The Wall Street Journal
By: Janet Hook & Damian Paletta
June 10, 2011
Congressional leaders from both parties agreed on Thursday to accelerate their negotiations over reducing the federal deficit, signaling a heightened sense of urgency to avoid a potential default on the government's debt.
The negotiating group, led by Vice President Joe Biden, plans to meet three times next week, compared with the six meetings it has held since March. Lawmakers agreed to the stepped-up schedule in part because they were worried about recent signs that the economic recovery is slowing.
Republicans, who rode a wave of anti-spending sentiment in the 2010 elections, have said they are reluctant to allow expanded federal borrowing without a big deficit-cutting deal. But if no agreement to increase the federal debt limit is reached before Aug. 2, the United States could default, an unprecedented move that would likely send interest rates soaring, Obama administration officials have warned.
Mr. Biden and top lawmakers continued their series of meetings on Thursday, but appeared stuck in their efforts to craft a package of budget changes.
Democrats in the group pushed their party's argument that the deal should include tax increases and not just spending cuts. In earlier talks, negotiators have focused only on reducing expenditures.
"We continue to believe that any balanced package has to end big loopholes like subsidies for the oil and gas industry,'' Rep. Chris Van Hollen (D., Md.) said after the meeting.
But Republicans showed no sign of budging from their opposition to tax increases. That impasse could mean any deal to emerge from the Biden group could be far more limited than the $2.4 trillion package of cuts that Republicans say would be needed before they agree to lift the current $14.29 trillion ceiling high enough to last past the 2012 election.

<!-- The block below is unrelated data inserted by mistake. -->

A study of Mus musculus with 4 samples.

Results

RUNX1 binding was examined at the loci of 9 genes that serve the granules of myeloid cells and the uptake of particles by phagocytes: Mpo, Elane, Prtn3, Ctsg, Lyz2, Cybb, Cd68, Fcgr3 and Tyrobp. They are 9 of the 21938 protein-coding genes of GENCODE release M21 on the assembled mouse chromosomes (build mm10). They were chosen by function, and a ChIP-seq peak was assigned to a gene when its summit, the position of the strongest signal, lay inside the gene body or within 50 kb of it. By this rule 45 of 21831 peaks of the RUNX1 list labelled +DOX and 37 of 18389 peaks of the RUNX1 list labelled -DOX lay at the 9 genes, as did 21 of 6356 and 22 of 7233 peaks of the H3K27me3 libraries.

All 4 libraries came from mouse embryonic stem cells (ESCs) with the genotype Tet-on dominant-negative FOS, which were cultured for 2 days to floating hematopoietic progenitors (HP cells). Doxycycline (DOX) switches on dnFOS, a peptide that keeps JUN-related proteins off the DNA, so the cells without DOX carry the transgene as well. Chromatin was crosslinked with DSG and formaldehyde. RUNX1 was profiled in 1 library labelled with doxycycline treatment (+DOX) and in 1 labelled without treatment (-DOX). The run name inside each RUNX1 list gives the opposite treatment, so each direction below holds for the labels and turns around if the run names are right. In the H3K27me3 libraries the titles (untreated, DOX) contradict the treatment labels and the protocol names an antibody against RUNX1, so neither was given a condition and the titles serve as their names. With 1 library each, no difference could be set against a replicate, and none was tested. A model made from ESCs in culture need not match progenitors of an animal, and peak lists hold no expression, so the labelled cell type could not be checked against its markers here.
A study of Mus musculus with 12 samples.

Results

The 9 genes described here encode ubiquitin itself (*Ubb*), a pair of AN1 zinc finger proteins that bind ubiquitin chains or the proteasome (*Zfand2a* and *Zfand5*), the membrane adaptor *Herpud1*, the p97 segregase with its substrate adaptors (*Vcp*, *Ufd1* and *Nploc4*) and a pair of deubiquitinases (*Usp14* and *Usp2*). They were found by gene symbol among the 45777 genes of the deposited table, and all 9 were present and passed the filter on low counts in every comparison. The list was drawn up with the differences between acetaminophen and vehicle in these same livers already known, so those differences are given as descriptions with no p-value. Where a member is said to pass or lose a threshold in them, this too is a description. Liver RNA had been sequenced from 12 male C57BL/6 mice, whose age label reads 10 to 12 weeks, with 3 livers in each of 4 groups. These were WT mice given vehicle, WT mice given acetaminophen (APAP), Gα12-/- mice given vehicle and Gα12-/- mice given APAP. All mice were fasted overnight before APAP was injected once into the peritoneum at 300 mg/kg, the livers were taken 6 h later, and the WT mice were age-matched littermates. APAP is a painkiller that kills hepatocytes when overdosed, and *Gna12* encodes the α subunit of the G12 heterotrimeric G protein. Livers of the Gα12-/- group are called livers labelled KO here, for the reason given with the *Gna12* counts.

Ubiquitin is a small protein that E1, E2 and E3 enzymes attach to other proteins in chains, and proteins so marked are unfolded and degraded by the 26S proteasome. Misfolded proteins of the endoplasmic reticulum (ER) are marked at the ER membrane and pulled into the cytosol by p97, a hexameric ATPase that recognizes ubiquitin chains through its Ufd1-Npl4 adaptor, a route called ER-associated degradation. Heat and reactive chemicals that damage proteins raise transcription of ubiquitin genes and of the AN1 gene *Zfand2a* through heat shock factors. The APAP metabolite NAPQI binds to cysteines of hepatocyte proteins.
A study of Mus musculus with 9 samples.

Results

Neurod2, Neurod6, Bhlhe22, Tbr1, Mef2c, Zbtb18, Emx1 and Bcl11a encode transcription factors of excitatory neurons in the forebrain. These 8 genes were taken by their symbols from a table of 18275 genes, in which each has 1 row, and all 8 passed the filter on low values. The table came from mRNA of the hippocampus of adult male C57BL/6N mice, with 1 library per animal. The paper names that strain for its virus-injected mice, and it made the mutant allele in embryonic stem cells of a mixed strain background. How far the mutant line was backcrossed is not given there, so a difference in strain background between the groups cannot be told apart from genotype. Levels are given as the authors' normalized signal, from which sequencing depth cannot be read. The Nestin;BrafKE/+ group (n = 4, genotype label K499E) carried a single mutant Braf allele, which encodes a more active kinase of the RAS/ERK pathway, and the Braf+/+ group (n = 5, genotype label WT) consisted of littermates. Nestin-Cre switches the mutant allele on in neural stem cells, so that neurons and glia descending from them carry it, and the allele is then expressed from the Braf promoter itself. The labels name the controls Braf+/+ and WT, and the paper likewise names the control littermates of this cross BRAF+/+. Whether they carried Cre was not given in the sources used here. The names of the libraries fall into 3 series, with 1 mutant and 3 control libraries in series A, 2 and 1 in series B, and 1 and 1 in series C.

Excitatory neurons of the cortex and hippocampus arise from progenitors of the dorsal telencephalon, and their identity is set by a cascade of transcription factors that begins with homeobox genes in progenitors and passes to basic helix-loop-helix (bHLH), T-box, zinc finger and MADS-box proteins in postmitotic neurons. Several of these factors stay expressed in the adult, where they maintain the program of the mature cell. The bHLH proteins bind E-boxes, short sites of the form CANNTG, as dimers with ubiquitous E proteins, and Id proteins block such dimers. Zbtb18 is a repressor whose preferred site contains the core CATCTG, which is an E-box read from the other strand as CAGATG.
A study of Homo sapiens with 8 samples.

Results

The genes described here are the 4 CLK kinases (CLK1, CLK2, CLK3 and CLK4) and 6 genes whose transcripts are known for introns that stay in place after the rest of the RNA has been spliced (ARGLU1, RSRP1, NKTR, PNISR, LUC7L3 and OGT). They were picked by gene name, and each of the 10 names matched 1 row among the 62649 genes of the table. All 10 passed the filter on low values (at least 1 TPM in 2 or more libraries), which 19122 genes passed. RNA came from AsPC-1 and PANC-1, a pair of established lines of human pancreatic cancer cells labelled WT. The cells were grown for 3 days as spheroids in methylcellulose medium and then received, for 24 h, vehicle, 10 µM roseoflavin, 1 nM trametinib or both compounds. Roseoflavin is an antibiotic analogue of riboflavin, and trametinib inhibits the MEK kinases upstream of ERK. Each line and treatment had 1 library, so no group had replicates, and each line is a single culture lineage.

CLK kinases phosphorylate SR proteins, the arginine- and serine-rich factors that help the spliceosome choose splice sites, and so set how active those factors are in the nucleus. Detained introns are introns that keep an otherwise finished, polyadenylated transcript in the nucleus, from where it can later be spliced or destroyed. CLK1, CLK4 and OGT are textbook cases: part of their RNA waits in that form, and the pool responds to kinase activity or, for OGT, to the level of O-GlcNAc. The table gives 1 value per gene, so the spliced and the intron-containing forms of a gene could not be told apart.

The federal government's $3.7 trillion budget in fiscal 2011 is expected to have a deficit of $1.5 trillion.
Sen. Jon Kyl (R., Ariz.) said earlier this week that another option would be for Congress to enact a short-term debt increase with a more modest package of cuts.
Democrats and Republicans believe the group will have to produce some sort of package in order for lawmakers to agree to raise the debt ceiling. Sources familiar with the talks say the mood at the negotiations has been constructive and positive--less hostile and antagonistic than when the two parties earlier this year negotiated a package of spending cuts for the 2011 budget.
In the two weeks since the group last met, the political climate has become increasingly clouded by signs that the economic recovery is stalling. Reports released last week showed unemployment rising and job growth slowing substantially in May. Retail sales were lower than expected and there were signs of a slowdown in manufacturing.
A slower economy is likely to sap government tax revenues, making a deficit deal all the more elusive. But it also seemed to put pressure on lawmakers to break the logjam with more-frequent meetings.
"Overall there is more urgency because of [the] economic news,'' said one congressional aide familiar with the talks.
The bad news, however, has not yet pushed either party to give much ground.
"Many of the problems surrounding the lack of job creation and growth in this country have to do with the fact that there isn't a credible plan to manage down the debt and deficit in this country,'' House Majority Leader Eric Cantor (R., Va.) said after the meeting with Mr. Biden. "That's what we're trying to produce here and we had much substantive discussion today and look forward to more next week."
Democrats had hoped to make headway this week with a proposal to curb $4 billion in tax breaks for oil and gas subsidies because House Speaker John Boehner (R., Ohio) had at one indicated a willingness to discuss such a plan. He has since retracted the idea, though, and Republicans have signaled they won't allow it to be included.
"Everything is on the table except tax hikes, because tax hikes destroy jobs,'' said Michael Steel, a spokesman for Mr. Boehner.